Four Factors Driving Coinbase Stock Up

Four Factors Driving Coinbase Stock Up

The company’s operating leverage is huge. But leverage works in both directions.

Coinbase Global shares, at $333, are off from their peak but might yet attain a long upward trajectory. What will drive them? There are four elements.


A merchant that gets a percentage makes more money when the merchandise price goes up. Bitcoin is up six-fold from a year ago. That’s the main reason Coinbase Global is insanely profitable right now, with first-quarter net estimated to be near $750 million.

If virtual currency prices double over the next year, Coinbase profits will more than double. It would be doing the same work as it’s doing now, with more or less the same employees, for twice as much money.

Operating leverage works both ways. Cut the prices of bitcoin, ethereum and the lesser coins in half and Coinbase profits would fall by more than half.


Price gains bring out speculators. There are people who trade coins all day long, indeed many with robots that run up tens of thousands of trade tickets a year. All this puts coin in the Coinbase till.

Last year Coinbase’s trading volume averaged $48 billion per quarter. In the first quarter of 2021 it saw $335 billion. Some of that dollar gain is due to price changes (see above), but not all.

Here’s why the direction of price changes matters: In a year when crypto is up, traders can delude themselves. They can attribute their profits to trading skill, when in fact they collectively would have done better just buying and holding.

These delusions are crucial to Coinbase’s success. While the company does some institutional work (such as custody for institutions), it got 96% of its net revenue last year from transactions.

Might the delusions end some day? They did for the day traders who briefly got rich 22 years ago during the craze for internet stocks.

Offsetting, to some degree, the risk that speculators will go away is that the investing masses are coming in. Bitcoin is becoming ever more accessible to savers across the planet via funds, custody accounts and other vehicles; some of that will drive activity on exchanges like Coinbase.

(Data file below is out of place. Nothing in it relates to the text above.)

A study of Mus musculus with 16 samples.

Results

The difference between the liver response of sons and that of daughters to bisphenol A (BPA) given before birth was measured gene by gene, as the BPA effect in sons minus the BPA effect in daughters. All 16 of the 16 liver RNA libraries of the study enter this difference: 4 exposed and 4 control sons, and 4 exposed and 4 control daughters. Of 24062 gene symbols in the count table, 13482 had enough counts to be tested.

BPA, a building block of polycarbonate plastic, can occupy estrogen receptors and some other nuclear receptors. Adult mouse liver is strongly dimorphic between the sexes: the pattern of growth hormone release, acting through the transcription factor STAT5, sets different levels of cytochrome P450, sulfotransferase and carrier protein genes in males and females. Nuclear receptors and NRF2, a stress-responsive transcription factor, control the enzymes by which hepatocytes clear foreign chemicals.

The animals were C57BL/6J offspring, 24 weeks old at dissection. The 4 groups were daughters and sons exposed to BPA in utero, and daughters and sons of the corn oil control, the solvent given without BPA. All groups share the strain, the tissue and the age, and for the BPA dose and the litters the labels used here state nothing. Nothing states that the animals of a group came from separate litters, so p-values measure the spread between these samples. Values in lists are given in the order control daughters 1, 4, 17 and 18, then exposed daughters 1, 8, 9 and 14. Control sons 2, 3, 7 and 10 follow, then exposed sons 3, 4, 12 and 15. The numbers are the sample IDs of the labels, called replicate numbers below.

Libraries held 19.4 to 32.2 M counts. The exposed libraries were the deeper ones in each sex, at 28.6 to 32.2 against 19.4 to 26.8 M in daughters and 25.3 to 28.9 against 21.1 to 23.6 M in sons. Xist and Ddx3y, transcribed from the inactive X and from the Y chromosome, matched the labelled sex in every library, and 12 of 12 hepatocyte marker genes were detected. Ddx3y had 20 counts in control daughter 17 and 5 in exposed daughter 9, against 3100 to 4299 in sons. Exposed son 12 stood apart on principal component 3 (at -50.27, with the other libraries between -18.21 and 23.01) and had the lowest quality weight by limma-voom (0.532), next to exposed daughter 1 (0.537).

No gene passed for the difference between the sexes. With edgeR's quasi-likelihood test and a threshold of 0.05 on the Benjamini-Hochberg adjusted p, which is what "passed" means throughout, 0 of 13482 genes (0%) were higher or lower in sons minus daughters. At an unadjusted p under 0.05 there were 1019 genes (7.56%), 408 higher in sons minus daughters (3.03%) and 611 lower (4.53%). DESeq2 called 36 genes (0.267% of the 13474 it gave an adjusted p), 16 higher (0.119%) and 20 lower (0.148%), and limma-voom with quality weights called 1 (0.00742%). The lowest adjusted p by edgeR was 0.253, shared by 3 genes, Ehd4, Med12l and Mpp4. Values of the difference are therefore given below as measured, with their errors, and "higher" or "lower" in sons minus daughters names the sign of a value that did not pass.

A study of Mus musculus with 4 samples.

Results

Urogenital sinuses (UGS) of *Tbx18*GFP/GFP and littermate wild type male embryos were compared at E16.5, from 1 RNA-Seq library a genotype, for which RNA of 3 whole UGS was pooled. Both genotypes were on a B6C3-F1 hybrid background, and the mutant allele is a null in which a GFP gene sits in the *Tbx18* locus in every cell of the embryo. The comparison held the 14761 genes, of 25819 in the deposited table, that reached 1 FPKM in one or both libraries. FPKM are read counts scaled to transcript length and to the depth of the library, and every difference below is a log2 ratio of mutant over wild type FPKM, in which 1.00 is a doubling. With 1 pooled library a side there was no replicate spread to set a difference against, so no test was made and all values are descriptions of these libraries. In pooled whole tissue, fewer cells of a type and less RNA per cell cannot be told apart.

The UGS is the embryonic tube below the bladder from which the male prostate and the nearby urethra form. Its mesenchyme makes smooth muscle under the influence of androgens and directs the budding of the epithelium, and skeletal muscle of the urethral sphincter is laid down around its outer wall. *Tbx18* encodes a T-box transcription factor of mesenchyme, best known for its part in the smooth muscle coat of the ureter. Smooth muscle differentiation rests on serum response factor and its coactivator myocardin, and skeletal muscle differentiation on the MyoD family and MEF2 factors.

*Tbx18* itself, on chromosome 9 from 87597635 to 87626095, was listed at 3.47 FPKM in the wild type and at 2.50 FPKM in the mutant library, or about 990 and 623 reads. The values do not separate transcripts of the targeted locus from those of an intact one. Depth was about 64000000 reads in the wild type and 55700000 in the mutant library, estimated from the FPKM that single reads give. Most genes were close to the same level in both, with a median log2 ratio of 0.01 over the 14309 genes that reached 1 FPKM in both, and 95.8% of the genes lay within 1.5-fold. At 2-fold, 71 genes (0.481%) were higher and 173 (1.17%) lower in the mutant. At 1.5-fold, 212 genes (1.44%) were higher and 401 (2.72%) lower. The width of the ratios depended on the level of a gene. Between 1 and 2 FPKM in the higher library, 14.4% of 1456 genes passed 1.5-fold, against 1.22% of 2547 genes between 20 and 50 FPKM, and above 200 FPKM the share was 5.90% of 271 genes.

Amateurs pay stiff commissions and bid/ask spreads on the main Coinbase platform: roughly 2% to buy or sell. There’s also a Coinbase Pro for the savvier players, with much lower fees. This year Coinbase’s revenue is averaging just over 0.5% of the transaction amount. Small players and big ones can both get better deals elsewhere.

Working in Coinbase’s favor: lingering memories of the Mt. Gox hack seven years ago. Coinbase spends lavishly on security, and has a mostly blemish-free history. Its services are worth a premium over the offering from some discounter with sketchy offshore affiliations. The risk to Coinbase is that some august institution like J.P. Morgan Chase or Fidelity Investments dives into coin trading, reducing the premium Coinbase can charge for its reputation.

Working, for now, in favor of the middleman: price volatility. Speculators trying to triple their money aren’t very attentive to whether a markup is 0.5% or 0.25%.

A reasonable expectation is that over time Coinbase will confront declining percentage fees but might make up for that in volume gains.


Why is it that twice as many workers are in financial services as are on farms? It’s because money is complicated. Much effort is expended on stocks, bonds, checks, wires, mortgages, credit cards, retirement accounts, tax collections and tax avoidance.

Brian Armstrong, founder and chief executive of Coinbase, has some very expansive notions about how the blockchain will transform commerce. Some of this is fantasy. Some of it might turn into new revenue streams. He certainly has enough money pouring in over the transom to finance the research.

Charles Schwab & Co. used to make its money from brokerage commissions. Competition has recently sent the going commission rate to zero. Yet Schwab is prospering. In a financially complex world it has a lot to offer. In ten years Coinbase might be in lines of business not so dependent on gamblers who think they can get a triple.

Do these four drivers of Coinbase’s fortunes call for a bullish or a bearish view? It’s a toss-up. A year from now the stock could easily be at $600, or just as easily at $160.